Declaratory Order - United States Postal Service

On November 27, 2006, a Petition for Declaratory Order was filed by the Petitioner, requesting a binding order be issued by the Director regarding the sales/use taxability of uniform and work clothing purchases. On December 28th, 2006, the Petitioner filed a Supplemental Submission for the Petition for Declaratory Order. Due to identical issues being protested, the department orally informed the Petitioner that the department cannot issue a Declaratory Order for the time periods requested in the Petition for Declaratory Order, because the Petition included periods currently under protest. However, the department informed the Petitioner that it was willing to issue an informal opinion regarding the taxability of the uniform purchases for prospective purchases under a new purchase program implemented by the Petitioner. Consequently, on January 18, 2007, the Petitioner withdrew its Petition for Declaratory Order.

Subsequently, an informal letter was written for the Petitioner answering the question of taxability for prospective purchases by the Petitioner. However, due to internal communications, the informal letter was delayed in its release. During this delay, the Petitioner filed another Petition for Declaratory Order on May 2, 2007, requesting an order from the Director making a determination regarding the sales/use taxability of uniform and work clothing purchases by the Petitioner. On May 15, 2007, an order denying the Petitioner's request for a Declaratory Order was issued denying the Petition due to the issue regarding the taxability of the uniform purchases for some of the periods being under protest with the department.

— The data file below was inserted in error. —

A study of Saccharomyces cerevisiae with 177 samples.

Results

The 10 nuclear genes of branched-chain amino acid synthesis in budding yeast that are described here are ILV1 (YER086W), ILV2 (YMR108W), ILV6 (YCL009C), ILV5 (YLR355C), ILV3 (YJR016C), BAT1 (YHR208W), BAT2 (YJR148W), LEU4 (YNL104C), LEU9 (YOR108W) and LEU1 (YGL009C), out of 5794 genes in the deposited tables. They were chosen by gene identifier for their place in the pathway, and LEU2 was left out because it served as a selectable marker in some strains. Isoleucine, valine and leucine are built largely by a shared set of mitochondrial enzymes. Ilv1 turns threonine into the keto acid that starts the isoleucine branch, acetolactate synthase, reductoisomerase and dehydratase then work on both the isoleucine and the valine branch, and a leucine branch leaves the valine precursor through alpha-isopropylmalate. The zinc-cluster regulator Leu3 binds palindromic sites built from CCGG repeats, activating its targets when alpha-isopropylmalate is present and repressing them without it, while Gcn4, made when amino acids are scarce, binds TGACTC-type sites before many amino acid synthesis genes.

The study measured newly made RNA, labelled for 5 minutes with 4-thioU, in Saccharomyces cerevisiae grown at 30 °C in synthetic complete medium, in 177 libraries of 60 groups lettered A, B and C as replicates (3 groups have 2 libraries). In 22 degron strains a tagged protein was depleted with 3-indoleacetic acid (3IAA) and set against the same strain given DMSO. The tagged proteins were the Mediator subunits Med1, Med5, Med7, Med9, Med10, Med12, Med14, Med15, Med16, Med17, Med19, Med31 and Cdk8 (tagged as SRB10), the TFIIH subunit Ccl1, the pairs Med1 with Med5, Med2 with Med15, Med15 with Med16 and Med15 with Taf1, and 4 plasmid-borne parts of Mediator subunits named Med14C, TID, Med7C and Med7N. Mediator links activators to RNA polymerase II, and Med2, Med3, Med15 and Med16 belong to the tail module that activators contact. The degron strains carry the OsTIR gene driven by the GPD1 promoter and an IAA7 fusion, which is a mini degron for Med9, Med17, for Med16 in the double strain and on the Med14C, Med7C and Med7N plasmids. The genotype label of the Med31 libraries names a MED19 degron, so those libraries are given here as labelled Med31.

On May 18th, 2007, the informal opinion regarding the taxability of uniforms purchased by the Petitioner was issued. The informal opinion addressed the taxability of uniform and work clothing purchases by the Petitioner under the Petitioner's new purchase system and the opinion was for prospective purchases by the Petitioner only. In the informal opinion, the purchase of the uniforms under the new account system was said to be exempt from Iowa sales and use tax. Under the new purchase system, all employees of the Petitioner were given an account card to use to purchase uniforms and work clothing from various approved vendors. The card had a limit and all billing for uniform and work clothing purchases by the employees were billed directly to the Petitioner. This type of purchasing system is exempt from Iowa sales tax because by directly billing the Petitioner for the uniforms and work clothing, the purchases were considered to be purchased directly by the Petitioner, a governmental entity, and purchases by a governmental entity are exempt from Iowa sales and use tax pursuant to Iowa Code section 423.3(31)(2007).